Dark, brooding and romantic, the watercolors of Swedish art star Lars Lerin have an unsettling, febrile beauty in his memorable new show at the American Swedish Institute.
Huge snowflakes drift toward distant farm sheds barely visible through fog and mist in a wintry birch forest. Taxidermied birds perch on wooden pedestals, frozen in the glassy rigor mortis of old-fashioned ornithological displays. A solitary white fox crouches on barren tundra under a brooding sky. Hundreds of postcard-sized apartments stack atop each other in a 15-foot-wide vista of anonymity and decay that Lerin calls “Civilization.”
Books, chairs, birds, trees, apartments, ships, paintings and even a film get the Lerin treatment in this ambitious survey, his first U.S. show in 30 years. Widely exhibited throughout Scandinavia as well as France and Germany, Lerin has also published more than 50 books and is a popular television personality in his homeland.
“He’s now a superstar in Sweden, loved for his watercolors and books,” said Bera Nordal, director of the Nordic Watercolor Museum in Tjörn, Sweden. The exhibition’s curator, she recently gave an impromptu tour of the show as the museum’s staff completed the installation (it runs through May 22).
Besides his art and writing, Lerin, 61, has earned respect for the candor with which he has addressed troubling personal issues, Nordal said. Withdrawn and introspective when he launched his art career decades ago, he has only recently resolved what she called “a very traumatic life.”
“He had a kind of angst and hated being around people,” Nordal said. “He is homosexual and has had drug and alcoholic problems. Then he decided to come out and talk about it. He speaks from the heart, and that touches people because he’s really talking about things that matter. People feel that honesty. It isn’t fake; it’s just him.”
With their drips, stains and splashes of color, Lerin’s paintings seem direct and candid, too, as if he’s reporting on the scene, rather than reconstructing events in the studio. That immediacy is doubtless an illusion, though, since he typically paints on sheets of paper that are 5 feet wide or tall, much too big to set up for plein-air work. He often assembles a dozen or more panels into mural-sized compositions that have the grandeur of 19th-century American landscapes. But they’re suffused with the fretful, postmodern doubt more typical of the crusty canvases of Anselm Kiefer, a contemporary German artist whose work Lerin’s resembles in its psychology.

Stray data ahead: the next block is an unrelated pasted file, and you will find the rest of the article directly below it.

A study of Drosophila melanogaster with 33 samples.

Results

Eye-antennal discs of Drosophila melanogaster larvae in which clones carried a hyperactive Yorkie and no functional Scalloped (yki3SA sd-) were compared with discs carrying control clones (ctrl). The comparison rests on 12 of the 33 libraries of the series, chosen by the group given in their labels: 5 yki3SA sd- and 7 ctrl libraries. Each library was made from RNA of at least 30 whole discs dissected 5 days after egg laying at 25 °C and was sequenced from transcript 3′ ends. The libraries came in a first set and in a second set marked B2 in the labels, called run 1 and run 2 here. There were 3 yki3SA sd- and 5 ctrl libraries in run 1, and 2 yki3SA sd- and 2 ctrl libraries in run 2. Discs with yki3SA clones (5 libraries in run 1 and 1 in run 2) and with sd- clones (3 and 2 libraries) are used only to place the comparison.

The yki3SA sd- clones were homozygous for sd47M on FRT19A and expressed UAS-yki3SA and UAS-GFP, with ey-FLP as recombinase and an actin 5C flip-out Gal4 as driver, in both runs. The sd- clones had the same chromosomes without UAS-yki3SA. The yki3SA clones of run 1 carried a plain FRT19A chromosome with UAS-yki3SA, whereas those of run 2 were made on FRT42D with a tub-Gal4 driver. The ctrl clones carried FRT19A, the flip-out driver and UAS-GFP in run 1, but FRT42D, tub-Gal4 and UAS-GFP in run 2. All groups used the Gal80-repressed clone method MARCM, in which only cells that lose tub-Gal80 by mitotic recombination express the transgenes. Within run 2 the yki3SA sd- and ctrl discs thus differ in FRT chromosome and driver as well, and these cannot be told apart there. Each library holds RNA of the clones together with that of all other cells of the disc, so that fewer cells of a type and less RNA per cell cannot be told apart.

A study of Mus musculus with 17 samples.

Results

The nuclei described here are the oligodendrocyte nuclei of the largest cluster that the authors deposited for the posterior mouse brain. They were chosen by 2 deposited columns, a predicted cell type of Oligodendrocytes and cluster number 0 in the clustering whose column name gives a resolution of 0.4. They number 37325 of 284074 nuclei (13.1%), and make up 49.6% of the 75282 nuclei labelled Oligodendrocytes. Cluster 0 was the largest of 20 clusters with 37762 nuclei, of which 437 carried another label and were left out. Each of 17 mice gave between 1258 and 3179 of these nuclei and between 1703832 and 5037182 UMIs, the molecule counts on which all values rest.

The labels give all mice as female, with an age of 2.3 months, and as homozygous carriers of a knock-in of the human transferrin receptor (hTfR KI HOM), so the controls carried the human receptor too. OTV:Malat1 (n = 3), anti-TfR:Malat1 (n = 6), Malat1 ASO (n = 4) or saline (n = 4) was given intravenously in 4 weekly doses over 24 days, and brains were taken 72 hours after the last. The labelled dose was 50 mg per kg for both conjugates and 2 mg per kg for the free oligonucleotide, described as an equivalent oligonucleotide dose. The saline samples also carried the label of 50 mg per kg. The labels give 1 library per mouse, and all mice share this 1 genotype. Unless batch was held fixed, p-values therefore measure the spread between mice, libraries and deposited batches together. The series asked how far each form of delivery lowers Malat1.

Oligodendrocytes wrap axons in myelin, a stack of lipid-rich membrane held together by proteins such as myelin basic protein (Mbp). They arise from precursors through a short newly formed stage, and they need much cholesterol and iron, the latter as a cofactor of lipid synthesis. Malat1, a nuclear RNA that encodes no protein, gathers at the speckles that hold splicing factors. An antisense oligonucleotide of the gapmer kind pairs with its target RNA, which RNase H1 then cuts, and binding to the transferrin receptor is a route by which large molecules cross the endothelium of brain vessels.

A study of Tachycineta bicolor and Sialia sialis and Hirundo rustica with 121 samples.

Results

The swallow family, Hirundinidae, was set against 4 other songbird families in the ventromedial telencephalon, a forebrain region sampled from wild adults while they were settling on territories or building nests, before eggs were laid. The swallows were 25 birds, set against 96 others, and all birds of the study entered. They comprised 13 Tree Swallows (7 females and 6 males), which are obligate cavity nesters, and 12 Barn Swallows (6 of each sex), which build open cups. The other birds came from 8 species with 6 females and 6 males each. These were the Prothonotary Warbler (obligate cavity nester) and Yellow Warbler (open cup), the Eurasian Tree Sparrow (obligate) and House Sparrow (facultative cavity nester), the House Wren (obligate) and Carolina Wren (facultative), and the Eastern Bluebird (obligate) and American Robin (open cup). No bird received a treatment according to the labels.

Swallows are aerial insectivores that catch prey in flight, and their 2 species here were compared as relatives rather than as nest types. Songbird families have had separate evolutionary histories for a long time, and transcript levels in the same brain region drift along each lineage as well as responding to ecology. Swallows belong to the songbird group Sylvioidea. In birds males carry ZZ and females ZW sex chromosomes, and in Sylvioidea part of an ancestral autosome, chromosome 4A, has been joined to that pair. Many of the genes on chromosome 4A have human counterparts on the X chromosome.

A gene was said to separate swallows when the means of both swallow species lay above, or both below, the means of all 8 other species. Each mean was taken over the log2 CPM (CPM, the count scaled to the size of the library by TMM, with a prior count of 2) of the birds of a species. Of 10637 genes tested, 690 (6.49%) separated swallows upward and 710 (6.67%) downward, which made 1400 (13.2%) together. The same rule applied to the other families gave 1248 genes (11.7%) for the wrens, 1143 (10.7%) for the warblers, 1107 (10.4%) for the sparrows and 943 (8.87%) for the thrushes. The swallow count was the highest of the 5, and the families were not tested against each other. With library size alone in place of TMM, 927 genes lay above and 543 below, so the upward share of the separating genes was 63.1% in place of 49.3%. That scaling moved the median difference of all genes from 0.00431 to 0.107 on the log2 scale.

Lerin favors dark blues and browns, the colors of Nordic winter nights that he uses to theatrical effect. People are rarely present, though their artifice is everywhere: in huge container ships in blue-black voids on restless seas, in buildings whose vaulted corridors and ornate salons dissolve into watery miasmas, in featureless modern apartment buildings shimmering in opalescent light.
Art about art
The Swedish Institute has smartly dispersed the paintings throughout its building which is a deft mash-up of contemporary minimalism and baronial castle. Lerin’s nature paintings hang in a modern gallery adjacent to ASI’s popular Fika restaurant. There, close-ups of birch trunks, rocks, leaves and cliffs crowded with puffins introduce him as a naturalist, though that’s not quite what he is.
Look closely at, for example, a big painting of skiers zipping down alpine slopes toward chalets nestled in pine-clad ravines. It’s a fetching image, filled with winsome charm, odd sepia-toned light and strange reflections. Pay attention to the light and reflections. They’re the giveaway that the scene depicts a diorama spied in a museum or shop. It’s art about art, not about nature.
“He’s not really doing nature,” Nordal said. “It’s nature as a manifestation of something else, his own melancholic temperament.”
Lerin’s vignettes of culture are hung in nooks throughout ASI’s castle. The attic ballroom is a perfect setting for his impressions of grand buildings, including the hall of mirrors at Versailles. The pretty nursery houses his lively pictures of stuffed birds, while the library holds a big, unexpectedly arresting painting of neatly shelved books in other libraries.
Strolling through the castle’s carved and paneled rooms, it’s startling to encounter his riff on Alfred Hitchcock’s murder mystery “Rear Window.” Like the classic 1954 film, the 6-foot-wide painting turns viewers into voyeurs windowpeeping at life in an apartment building. There’s a couple embracing, a lonely woman, a solitary man, shadowy figures in darkened windows. Each little scene implies a larger drama of love, despair, unfinished business in lives cut short like those of the taxidermied birds, or the quizzical fox staring into the darkness.
The lovely downstairs breakfast room holds a special treat — a half-dozen Lerin portraits of traditional Swedish chairs. Surrogates for the people who’ve sat in them over the decades, the chairs are revealed as companionable couples, a gossiping threesome, pretentious grandees, a passive-aggressive mismatch, a lonely single.
Paired with period chairs from the mansion itself, the intimate little pictures are sly, witty and insightful meditations on Swedish life and soul. Surely Lerin is pictured there, too, in spirit if not in face.